Discussion in 'Sikh Personalities' started by kds1980, Sep 9, 2009.

  1. kds1980

    kds1980 India
    What does a man’s beard have to do with the downturn? Everything, if you run Simla Chemicals (Simco), a company known globally for the hair fixers it manufactures.

    Simco’s history began before Independence with Sardar Pratap Singh Bagga, a sturdy Sikh with a long, flowing beard, learning lessons on chemicals in the famous Lahore perfumery Bhaion ki Dukaan (the shop of brothers).

    With time, Bagga moved to Shimla and set up his own business in 1948. Four years later, he chose to give up a comfortable life and moved to Delhi. “He felt the market here was penetrable,” son Kuldeep Singh Bagga, 62, recounts.

    Although the enterprising Bagga rarely used a beard fixer in his life, he was quick to realise that other men in his community could not do without a glue to keep their untrimmed facial hair — integral to the Sikh identity — in place.

    Sixty-seven years later, Simco, short for Shimla Chemicals, has not only penetrated the market but has become a virtual synonym for all beard fixers.

    Today, the firm boasts of a “customer base of 1 million” spread across India and 12 countries including the US, the UK, Canada and Australia.

    A Google search on Simco throws up dozens of catalogues of Indian stores across the world.

    Community portals are littered with queries, such as, “What is a good way of setting a beard for a long time without using Simco?”

    The answers range from ‘traditional thread and net’ to foreign brands of strong hairstyling gels. But most end with the usual concession — no alternative works as well as Simco.

    Beating competition has been a habit for the Baggas.

    When “vanishing cream” manufacturer Bagga Senior decided to sell beard fixers, he was not trying to create a market. Established brands like Marcos, Hillman and Welldone were already present. But once the Baggas stepped in, all of them had to shut shop,” recalls Maninder Pal Singh, an old business associate of Simco, crediting the Baggas with several marketing innovations.

    Back in the early 1950s, when Bagga Sr was new to Delhi, he started out by using community gatherings to showcase Simco. He would set up stalls at gurudwaras during the Guru Purab Mela, introducing his product to hundreds of potential customers.

    Under his elder son Gajendra Singh Bagga, Simco became the first beard fixer brand to launch an advertisement campaign in Delhi and Punjab.

    “We started with wall paintings and ads in Punjabi dailies. Today, we place ads in all national dailies and Punjabi channels,” says Kuldeep Singh, who took over the business after elder brother Gajendra Singh’s demise.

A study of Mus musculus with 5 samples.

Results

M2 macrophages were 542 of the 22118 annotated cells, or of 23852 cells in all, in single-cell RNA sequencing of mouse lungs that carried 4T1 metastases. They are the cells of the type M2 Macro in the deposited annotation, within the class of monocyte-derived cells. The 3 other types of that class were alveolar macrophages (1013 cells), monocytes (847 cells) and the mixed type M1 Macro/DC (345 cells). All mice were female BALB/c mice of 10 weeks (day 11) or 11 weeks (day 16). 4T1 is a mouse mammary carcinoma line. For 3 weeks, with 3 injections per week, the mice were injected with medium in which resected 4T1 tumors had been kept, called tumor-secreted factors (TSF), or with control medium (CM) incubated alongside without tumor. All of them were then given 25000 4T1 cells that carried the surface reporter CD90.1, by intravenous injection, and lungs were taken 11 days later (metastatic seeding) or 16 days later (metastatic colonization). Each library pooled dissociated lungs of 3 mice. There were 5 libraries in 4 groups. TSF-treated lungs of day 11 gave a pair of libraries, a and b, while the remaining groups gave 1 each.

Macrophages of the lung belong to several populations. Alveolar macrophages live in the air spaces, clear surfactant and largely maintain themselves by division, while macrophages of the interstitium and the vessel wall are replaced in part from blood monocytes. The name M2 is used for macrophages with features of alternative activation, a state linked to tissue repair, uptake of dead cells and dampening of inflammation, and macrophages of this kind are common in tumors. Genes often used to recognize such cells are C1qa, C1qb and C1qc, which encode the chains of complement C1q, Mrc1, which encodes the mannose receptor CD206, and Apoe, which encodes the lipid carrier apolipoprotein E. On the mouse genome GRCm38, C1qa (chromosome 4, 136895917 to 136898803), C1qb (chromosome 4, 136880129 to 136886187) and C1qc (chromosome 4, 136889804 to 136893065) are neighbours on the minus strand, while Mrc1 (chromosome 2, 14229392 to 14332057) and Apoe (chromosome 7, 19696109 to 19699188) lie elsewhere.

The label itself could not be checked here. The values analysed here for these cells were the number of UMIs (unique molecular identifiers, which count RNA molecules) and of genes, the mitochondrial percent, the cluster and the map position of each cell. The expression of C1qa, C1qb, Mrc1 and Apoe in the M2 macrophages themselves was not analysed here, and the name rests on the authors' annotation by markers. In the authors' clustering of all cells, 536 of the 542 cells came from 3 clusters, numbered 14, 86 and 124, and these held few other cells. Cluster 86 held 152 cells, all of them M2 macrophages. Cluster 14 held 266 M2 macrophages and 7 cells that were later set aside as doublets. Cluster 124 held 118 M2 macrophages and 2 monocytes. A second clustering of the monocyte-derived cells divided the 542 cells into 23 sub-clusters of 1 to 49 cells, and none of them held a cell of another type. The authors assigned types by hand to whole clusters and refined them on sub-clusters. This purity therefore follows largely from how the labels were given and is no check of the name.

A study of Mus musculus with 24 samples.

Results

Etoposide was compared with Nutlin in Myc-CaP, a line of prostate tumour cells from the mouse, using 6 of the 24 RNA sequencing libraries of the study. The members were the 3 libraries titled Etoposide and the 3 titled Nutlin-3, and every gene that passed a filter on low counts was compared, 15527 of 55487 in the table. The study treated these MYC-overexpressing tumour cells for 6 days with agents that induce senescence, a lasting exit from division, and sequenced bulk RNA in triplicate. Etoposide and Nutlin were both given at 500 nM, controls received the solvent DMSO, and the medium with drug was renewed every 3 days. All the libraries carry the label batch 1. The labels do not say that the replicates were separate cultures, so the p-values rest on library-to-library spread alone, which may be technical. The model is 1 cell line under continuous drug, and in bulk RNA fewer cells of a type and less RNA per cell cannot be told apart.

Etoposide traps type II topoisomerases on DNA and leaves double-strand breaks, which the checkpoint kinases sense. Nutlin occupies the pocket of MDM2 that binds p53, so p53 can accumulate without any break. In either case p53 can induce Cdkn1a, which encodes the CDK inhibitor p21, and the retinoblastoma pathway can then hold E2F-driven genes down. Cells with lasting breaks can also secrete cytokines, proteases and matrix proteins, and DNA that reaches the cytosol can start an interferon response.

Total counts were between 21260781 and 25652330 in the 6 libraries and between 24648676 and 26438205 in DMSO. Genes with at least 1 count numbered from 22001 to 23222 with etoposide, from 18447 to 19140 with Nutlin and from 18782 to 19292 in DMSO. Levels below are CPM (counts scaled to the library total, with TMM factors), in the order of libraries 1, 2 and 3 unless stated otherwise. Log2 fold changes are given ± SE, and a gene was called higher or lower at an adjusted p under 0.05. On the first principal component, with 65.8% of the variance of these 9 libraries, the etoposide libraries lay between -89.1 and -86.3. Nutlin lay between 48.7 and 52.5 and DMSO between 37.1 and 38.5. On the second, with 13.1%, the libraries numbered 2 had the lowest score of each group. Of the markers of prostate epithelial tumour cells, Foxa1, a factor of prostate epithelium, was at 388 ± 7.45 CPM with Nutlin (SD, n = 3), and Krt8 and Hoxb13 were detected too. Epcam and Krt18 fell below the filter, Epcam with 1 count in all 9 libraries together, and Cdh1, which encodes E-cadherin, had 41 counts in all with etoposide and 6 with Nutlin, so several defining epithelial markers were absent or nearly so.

Even new brands admit they are no competition.

    “We are a new set up with a small customer base. Even today, hair fixer means Simco,” admits Avtar Singh Soni, who sold juicer-mixer-grinders at Old Delhi’s Bhagirath Place before he started manufacturing Prince hair fixer last year.

    “Our customer base stayed intact during the downturn. In fact, our business has grown in the last two years — 47 per cent in 2008 and 25 per cent in the current year,” says Kuldeep Singh, who runs the company from West Delhi’s Naraina Industrial Area.

    “Simco is an essential product. People don’t stop brushing their teeth because the economy is facing a downturn. Similarly, they don’t stop grooming their beards,” he says.

    What helped in the times of double-digit inflation is Simco’s ability to sell cheap. “The cost of production was going up in Delhi. So we moved to Himachal Pradesh to avail tax benefits and set up two units in Baddi,” says Kanwardeep, Kuldeep Singh’s 35-year-old son and a Delhi University graduate.

    As a result, a 100-gm pack of Simco Supreme that cost Rs 38 on April 1, 2007 was selling at Rs 41 on April 1, 2009.

    “That is less than eight per cent rise in price over two years. So even when people were slicing their monthly household budgets, Simco remained on the shopping list,” says Kuldeep Singh.

    He, however, refuses to divulge the company’s annual turnover. “You can call ours a small and medium enterprise. Till date, no big company has ventured into this market. Par iss trade mein humain ek badi brand ki izzat miltee hai (But we get the respect of a big brand),” he says.

    Having survived the downturn, Simco now faces a new challenge. With an increasing number of Sikh youth trimming their beard, sales could be dwindling soon.

    “In Punjab, particularly in villages, Sikh men are shaving their beards. The trend is not so strong in Delhi,” says Maninder Pal Singh.

    But the Simco owner asserts the market won’t shrink so fast.

    “Our product caters to religious families. So long as these people follow tradition, the market will continue to grow. A community doesn’t disappear just like that,” Kuldeep Singh says.

    In any case, Simco has diversified in the last two years, manufacturing shampoo, hairstyling gel, hair oil, skin creams and lotions. “You can’t just rely on one community for doing business. Also, you can’t depend too heavily on a single product,” Maninder Pal Singh reasons.